CONCORD, New Hampshire — A special gambling panel charged with developing regulations for a future casino voted Friday to recommend that New Hampshire legalize one casino with up to 5,000 video slots and 150 table games.
The New Hampshire Gaming Regulatory Oversight Authority voted 8-1 to approve draft legislation that authorizes a new commission to begin licensing a casino. The Legislature will consider the bill next year.
Attorney General Joseph Foster praised the panel's work to include strong regulations for the casino, but voted against the proposal. Foster said his office will fight the bill when lawmakers consider it next year. He said he recognizes that charities benefit now from games of chance in New Hampshire, but legalizing a commercial casino would foster more social costs.
"We're going from little leagues to big leagues in terms of the dollar cost of problem gamblers," Foster said.
The panel was created after the House killed a casino bill that passed the Senate with strong backing from Gov. Maggie Hassan. The bill rejected in May would have allowed the construction of one casino with 5,000 slot machines and 150 table games. Hassan hoped the special panel would address concerns opponents had expressed about inadequate regulations.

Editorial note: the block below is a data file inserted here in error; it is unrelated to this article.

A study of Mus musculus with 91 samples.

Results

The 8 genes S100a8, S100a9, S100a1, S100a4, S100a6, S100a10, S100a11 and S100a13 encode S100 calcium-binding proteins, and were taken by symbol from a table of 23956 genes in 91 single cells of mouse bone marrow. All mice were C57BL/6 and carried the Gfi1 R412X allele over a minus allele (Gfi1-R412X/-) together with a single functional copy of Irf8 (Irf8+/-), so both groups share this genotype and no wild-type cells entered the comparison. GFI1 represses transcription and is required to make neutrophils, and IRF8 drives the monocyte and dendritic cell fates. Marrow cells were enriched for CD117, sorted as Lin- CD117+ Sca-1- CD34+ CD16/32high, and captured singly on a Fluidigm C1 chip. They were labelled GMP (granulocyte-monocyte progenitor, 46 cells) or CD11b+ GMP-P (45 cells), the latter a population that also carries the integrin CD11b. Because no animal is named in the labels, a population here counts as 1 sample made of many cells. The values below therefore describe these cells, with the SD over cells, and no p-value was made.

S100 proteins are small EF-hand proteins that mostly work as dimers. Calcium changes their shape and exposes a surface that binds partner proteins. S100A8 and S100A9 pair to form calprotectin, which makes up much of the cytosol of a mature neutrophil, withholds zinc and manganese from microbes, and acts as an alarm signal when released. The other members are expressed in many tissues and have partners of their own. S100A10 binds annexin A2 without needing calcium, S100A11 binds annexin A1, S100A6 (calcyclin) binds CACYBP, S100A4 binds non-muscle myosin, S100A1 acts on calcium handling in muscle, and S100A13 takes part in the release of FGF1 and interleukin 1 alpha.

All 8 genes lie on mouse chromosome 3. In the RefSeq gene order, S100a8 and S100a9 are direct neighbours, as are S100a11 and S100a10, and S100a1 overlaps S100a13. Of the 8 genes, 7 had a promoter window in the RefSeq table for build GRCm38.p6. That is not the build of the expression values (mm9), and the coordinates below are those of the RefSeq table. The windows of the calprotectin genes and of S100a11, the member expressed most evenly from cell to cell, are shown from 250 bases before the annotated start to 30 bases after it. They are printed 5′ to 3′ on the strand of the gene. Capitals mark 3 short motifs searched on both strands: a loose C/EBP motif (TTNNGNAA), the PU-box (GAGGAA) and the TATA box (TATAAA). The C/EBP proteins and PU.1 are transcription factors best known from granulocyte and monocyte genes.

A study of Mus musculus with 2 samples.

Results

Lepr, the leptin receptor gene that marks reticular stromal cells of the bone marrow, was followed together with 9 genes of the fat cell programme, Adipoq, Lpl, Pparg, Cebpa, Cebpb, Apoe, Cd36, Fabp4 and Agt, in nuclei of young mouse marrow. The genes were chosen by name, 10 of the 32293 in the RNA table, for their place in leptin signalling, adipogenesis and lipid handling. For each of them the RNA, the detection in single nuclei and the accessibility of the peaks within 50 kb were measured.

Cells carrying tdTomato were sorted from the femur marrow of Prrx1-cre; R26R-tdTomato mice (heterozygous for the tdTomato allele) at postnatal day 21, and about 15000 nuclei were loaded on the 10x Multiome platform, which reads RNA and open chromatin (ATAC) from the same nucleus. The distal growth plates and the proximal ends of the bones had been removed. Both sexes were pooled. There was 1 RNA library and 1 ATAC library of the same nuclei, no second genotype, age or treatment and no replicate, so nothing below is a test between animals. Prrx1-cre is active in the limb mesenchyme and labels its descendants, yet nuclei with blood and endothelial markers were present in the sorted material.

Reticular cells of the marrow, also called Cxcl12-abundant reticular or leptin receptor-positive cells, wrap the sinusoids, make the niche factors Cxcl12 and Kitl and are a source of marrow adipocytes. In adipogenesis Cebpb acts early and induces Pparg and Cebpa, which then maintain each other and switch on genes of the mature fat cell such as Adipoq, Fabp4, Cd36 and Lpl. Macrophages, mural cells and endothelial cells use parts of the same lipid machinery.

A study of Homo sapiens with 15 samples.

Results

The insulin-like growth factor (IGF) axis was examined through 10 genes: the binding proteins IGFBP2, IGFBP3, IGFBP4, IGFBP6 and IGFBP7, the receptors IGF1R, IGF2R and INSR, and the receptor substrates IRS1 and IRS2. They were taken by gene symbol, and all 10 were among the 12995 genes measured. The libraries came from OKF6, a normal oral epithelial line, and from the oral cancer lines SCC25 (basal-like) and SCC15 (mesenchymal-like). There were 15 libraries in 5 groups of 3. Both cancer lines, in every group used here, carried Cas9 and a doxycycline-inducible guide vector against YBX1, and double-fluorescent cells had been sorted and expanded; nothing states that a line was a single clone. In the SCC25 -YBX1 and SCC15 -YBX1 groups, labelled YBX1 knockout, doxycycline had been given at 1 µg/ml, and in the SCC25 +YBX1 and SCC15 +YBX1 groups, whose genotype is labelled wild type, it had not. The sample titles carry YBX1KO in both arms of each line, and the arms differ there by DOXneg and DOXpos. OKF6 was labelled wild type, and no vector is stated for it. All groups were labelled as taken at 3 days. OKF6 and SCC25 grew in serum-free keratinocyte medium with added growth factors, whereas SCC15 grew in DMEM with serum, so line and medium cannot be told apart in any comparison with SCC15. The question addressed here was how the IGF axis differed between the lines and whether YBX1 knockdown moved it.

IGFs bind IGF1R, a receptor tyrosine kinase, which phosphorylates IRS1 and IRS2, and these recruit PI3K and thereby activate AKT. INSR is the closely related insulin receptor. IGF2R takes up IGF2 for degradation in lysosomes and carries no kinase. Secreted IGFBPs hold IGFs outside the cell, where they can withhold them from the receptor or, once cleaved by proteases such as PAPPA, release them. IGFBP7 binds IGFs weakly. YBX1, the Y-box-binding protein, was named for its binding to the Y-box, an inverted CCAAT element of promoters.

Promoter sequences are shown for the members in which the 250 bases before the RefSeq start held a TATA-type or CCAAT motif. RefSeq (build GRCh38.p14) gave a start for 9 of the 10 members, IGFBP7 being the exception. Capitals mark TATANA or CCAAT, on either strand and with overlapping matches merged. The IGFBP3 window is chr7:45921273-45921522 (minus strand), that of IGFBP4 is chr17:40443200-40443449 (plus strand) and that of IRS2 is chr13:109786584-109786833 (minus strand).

Casino supporters are concerned New Hampshire will lose revenue to Massachusetts, which is licensing three casinos and one video slots parlor. Hassan reiterated those concerns Friday and urged "all legislators, especially those who previously expressed concerns about regulatory oversight, to fully consider the authority's carefully developed recommendations as they move through the legislative process."
The panel hired WhiteSands Gaming to help draft the bill, and state Rep. Richard Ames, the panel's chairman, said he would sponsor it.
The proposed regulations are much more extensive than were in the bill killed by the House, but limits on the number of video slots allowed and other details about a new casino are nearly identical. For example, the new commission could only approve a single casino and charge an $80 million initial license fee — the same as allowed in the defeated bill. Like the Senate bill, the special panel also is recommending a minimum capital investment.
New Hampshire's House has never approved casino legislation, but House Majority Leader Steve Shurtleff. D-Concord, said that could change with the addition of strong regulations in the new bill.
"It has a better chance of passing," he said.
Shurtleff said he voted against the Senate bill in May, but he will give the new proposal a careful review.
"If it was the right bill, I could vote for it," he said.
Two anti-gambling groups announced Tuesday they are joining forces to try to prevent House members like Shurtleff from switching sides. The House vote in May was 199-164, which means casino backers may only need to win over as few as 18 House members for a bill to pass.